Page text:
Turlock to Expand Transit Center for $1.5 Million

David Fransen

The City of Turlock will purchase two parcels for future expansion of the city's Regional Transit Center at a cost of $1.5 million – an 18 percent premium over the appraised value of $1.23 million.

Turlock City Councilmembers unanimously approved the purchase Tuesday, after learning that the city would have to pay more to take the property through eminent domain.

“I had some concern about this item because it did seem that the price was high,” said Councilmember Steven Nascimento.

The purchase was originally included in the consent calendar, a list of measures considered by staff to not warrant discussion. The item was pulled from the consent agenda for discussion following a complaint regarding the purchase price from local real estate agent Jim Theis.

Theis was unable to attend Tuesday's hearing, but spoke with Turlock staff about his concerns prior to the meeting.

“I think Mr. Theis's point is, as a Realtor, he would never pay the appraised value,” explained Maryn Pitt, real estate and housing program manager at the City of Turlock.

But public purchases are different that private purchases, Pitt said. Public agencies can not pay below the appraised value due to eminent domain laws, Pitt explained, and most purchases have a slight premium tacked on above the appraised value.

“The rules are different,” Pitt said. “We're really paying in two different arenas.”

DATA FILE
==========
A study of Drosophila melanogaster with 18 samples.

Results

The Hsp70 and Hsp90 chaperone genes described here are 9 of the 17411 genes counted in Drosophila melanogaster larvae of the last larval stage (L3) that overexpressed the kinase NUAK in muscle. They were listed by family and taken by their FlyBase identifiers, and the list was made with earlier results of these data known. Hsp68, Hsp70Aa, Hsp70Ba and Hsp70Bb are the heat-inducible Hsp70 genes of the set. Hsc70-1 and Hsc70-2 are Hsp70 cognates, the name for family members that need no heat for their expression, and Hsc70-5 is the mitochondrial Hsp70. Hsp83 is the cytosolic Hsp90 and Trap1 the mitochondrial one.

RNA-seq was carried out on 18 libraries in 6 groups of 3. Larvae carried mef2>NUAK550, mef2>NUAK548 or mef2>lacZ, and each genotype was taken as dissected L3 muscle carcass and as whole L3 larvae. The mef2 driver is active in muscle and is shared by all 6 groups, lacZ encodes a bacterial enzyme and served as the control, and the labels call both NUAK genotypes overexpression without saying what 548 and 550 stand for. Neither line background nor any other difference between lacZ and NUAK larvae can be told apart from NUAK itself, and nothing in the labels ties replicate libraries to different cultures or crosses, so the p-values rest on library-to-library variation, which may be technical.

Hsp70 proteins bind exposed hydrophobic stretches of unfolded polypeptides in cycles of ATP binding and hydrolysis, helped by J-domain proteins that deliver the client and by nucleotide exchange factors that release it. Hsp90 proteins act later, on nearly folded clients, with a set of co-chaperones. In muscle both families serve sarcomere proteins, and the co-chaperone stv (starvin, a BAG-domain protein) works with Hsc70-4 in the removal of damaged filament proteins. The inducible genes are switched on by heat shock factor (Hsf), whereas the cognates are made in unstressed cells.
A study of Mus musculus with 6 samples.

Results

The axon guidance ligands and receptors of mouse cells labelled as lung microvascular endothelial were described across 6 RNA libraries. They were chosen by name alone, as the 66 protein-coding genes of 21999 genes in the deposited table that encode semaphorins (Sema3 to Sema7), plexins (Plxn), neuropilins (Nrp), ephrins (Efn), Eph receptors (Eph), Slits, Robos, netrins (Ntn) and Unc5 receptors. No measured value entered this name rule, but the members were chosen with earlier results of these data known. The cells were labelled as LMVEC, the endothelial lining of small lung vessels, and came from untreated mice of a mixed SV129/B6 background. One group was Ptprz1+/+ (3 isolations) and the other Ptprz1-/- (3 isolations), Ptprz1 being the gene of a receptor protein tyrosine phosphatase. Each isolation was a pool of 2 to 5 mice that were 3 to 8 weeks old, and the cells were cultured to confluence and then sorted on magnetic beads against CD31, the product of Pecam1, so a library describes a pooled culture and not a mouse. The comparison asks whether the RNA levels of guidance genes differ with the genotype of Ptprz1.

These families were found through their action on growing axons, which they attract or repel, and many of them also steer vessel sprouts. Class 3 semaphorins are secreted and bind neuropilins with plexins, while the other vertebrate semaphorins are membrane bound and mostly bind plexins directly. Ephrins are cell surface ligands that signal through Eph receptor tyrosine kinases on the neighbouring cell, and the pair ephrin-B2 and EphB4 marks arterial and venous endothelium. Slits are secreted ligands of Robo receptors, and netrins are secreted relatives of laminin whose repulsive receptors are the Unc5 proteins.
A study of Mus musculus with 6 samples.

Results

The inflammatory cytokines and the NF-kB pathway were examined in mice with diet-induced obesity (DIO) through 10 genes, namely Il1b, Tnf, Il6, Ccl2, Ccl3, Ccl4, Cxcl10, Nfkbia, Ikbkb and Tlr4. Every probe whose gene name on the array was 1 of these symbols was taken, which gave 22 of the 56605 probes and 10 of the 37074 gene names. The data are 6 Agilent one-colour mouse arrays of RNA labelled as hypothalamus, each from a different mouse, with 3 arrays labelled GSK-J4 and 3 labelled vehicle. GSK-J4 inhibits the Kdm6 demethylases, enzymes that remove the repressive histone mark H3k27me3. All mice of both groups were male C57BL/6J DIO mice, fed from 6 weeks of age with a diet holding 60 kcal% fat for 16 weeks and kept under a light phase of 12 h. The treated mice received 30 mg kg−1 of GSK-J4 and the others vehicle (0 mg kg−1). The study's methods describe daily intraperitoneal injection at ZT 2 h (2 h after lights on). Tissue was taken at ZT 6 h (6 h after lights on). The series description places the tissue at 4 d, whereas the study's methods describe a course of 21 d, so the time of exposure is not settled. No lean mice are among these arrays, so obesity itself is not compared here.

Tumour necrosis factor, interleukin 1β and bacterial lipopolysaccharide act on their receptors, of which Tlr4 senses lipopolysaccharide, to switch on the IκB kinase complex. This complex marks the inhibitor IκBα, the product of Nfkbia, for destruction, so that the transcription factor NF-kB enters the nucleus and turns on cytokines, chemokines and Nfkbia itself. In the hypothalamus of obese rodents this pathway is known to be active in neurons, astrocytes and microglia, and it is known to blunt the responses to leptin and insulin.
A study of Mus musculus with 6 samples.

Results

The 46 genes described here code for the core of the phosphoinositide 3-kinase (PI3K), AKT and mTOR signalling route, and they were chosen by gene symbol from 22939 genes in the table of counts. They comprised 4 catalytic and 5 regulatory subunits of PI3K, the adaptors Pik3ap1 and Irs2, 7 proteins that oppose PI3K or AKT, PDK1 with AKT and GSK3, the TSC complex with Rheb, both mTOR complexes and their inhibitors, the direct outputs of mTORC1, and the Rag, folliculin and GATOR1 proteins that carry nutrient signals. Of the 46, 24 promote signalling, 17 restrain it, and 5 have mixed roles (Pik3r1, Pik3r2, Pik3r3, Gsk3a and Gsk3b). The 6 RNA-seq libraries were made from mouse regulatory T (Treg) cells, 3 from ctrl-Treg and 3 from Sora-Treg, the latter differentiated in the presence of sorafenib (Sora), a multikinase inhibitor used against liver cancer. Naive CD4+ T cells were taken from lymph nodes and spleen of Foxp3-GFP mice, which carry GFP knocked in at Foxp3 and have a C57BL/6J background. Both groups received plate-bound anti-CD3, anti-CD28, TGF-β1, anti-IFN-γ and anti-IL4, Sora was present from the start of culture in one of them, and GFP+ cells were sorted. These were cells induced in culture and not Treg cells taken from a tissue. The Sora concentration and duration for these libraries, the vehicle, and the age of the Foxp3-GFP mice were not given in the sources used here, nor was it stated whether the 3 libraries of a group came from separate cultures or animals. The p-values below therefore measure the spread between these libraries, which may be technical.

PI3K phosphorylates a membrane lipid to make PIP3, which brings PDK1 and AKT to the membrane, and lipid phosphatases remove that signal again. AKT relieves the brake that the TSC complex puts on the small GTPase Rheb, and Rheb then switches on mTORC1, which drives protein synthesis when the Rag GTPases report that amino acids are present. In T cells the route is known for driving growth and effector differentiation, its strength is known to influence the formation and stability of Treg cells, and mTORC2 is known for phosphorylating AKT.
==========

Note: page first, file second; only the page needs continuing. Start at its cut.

This premium was larger than normal though, leading to extensive negotiations with the sellers, Tiare LLC, prior to Tuesday's agreement.

But Tiare's lowest price was still above the maximum markup Turlock could pay, according to the Federal Transit Administration.

“We were close, but not quite close enough,” Pitt said.

The FTA then advised the city to examine the costs of eminent domain proceedings.

Turlock's outside eminent domain counsel found that the proposed purchase price was actually less than the cost of taking the parcels through eminent domain. Legal proceedings would have cost $150,000, and a jury could have easily determined the property was worth more than the $1.23 million appraised price in a compromise.

The FTA then approved the purchase price, leading to Tuesday's purchase agreement.

The purchase will be funded with California Prop 1B transportation funds and local transportation funds, both of which were earmarked specifically for the purchase. Dedicated federal funding will pay for the site's development.

“If we don't act on this, we lose out on the funding, and we have to wait for another round of funding to accomplish this,” said Mayor John Lazar.